Burks educates professional engineers from across Ohio

Posted: November 29, 2016

On November 4, 2016, Department of Engineering Education Senior Lecturer Angie Burks presented research to over 200 professional engineers at the Ohio Society of Professional Engineers Continuing Professional Development Conference. Prof. Burks’ presentation, Emails as Legal Evidence and Mechanical Failures within Toyota, addressed engineering, ethical and legal issues within the automobile maker. In 2010, a Toyota executive wrote an email about the company’s tendency for mechanical failures in certain accelerator pedals. Four years later, the corporation faced over 400 lawsuits related to mechanical acceleration problems. In light of the aforementioned email and other evidence, Toyota was fined $1.2 billion by the Department of Justice.

Prof. Burks (L) and attendeees of the Ohio Society of Professional Engineers Continuing Professional Development Conference Photo: Robb McCormick

Attendees of Prof. Burks’ presentation learned about several topics, including:

  • The legal liabilities of using electronic communication to manage ethical decisions.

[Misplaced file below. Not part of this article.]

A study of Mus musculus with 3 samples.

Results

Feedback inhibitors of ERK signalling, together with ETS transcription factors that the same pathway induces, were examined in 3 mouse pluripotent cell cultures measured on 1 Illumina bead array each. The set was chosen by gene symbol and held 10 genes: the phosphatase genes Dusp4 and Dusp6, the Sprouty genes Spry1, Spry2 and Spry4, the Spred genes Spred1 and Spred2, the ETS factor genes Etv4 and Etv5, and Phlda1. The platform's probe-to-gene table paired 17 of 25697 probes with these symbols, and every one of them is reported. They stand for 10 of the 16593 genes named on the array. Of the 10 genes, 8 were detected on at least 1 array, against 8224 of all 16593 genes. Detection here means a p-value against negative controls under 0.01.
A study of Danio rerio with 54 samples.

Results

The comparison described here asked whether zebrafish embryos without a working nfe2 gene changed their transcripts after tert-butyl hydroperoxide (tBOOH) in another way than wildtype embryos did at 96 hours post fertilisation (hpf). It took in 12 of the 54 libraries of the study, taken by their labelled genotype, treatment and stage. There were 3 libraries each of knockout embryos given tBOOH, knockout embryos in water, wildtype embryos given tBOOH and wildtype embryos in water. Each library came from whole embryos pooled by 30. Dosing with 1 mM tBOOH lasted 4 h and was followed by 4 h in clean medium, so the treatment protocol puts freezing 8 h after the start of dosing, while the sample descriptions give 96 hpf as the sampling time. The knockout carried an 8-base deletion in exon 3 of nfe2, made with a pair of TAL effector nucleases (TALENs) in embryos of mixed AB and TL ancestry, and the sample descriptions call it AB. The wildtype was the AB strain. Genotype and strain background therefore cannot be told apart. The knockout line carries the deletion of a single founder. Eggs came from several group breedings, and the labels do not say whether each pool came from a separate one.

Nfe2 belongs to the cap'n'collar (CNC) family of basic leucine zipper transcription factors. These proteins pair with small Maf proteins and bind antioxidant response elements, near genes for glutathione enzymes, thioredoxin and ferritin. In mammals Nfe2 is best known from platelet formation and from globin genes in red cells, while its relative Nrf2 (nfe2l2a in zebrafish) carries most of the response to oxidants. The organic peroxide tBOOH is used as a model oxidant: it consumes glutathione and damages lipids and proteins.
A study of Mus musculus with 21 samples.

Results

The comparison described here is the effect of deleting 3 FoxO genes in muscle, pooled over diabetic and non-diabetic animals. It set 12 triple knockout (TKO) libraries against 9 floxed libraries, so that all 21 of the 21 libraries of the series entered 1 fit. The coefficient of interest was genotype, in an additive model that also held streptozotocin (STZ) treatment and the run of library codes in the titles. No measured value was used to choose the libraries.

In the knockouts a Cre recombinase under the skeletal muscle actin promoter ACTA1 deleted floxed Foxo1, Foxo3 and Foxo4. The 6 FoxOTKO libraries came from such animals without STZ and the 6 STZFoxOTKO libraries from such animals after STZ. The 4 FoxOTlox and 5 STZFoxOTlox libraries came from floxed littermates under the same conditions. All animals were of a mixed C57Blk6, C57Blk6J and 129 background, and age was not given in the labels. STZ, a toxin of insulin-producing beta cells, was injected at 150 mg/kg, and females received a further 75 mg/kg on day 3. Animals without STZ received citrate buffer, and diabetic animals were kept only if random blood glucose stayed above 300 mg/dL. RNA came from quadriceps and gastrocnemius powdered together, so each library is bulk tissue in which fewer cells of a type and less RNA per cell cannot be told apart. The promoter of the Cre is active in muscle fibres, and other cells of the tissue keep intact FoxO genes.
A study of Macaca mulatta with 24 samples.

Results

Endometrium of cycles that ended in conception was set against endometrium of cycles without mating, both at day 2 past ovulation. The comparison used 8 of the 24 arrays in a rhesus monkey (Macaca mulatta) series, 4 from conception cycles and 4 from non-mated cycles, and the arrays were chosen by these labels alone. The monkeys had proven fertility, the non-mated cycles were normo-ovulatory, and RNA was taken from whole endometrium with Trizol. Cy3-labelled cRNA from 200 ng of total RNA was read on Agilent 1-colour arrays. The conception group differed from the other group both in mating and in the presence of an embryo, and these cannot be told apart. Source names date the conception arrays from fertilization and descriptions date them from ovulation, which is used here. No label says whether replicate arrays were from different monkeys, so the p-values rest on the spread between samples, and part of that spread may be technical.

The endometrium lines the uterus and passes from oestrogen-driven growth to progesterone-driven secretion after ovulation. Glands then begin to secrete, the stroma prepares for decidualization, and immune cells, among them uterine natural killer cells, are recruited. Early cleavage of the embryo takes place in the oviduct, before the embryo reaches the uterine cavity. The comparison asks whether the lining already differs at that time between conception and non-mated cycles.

• The Federal Rules of Evidence that make electronic communication legal evidence and court admissible.
  • And the consequences of ethical versus legal violations in engineering design and practice.

Burks noted that the response to her presentation was overwhelming. “I received a tremendous amount of questions and shared stories," she said. "We have to recognize that the challenge for today’s engineer is not just making ethical decisions, but deciding how to manage electronic communication regarding risk-vs-benefit design ratios, cost, testing data, federal regulations and disclosure."

Angie Burks (R) discusses ethical and legal issues at the 2016 conference. Photo: Robb McCormick
Burks has also developed other engineering ethics and law cases. A Case in Biomedical Engineering Ethics: Severe Bone Fractures, Implant Screws and a Billionaire Investor is a fictional scenario that examines poorly designed implant screws rushed to the market through the FDA 510 (k) device exception classification to profit from severe bone fracture surgeries. Within the case, material science and biomedical engineers must grapple with biocompatibility design issues versus pressure from a billion dollar investor to keep costs low.

Regarding her work with the EED, Burks stated that "earlier this year, Apple, one of the leading engineer-driven, technology giants, faced federal and legal issues concerning smartphones, programming, digital privacy and disclosure. How are we preparing OSU engineering students, who will be corporate directors and vice presidents, for these types of challenges? I am excited and humbled to hopefully be a part of our answer. I believe the Engineering Education Department is a special place to be."

Angie Burks, J.D., is a graduate of the Boston University School of Law and a former Community Builder Fellow at Harvard University. Her research interests include engineering ethics and electronic communication.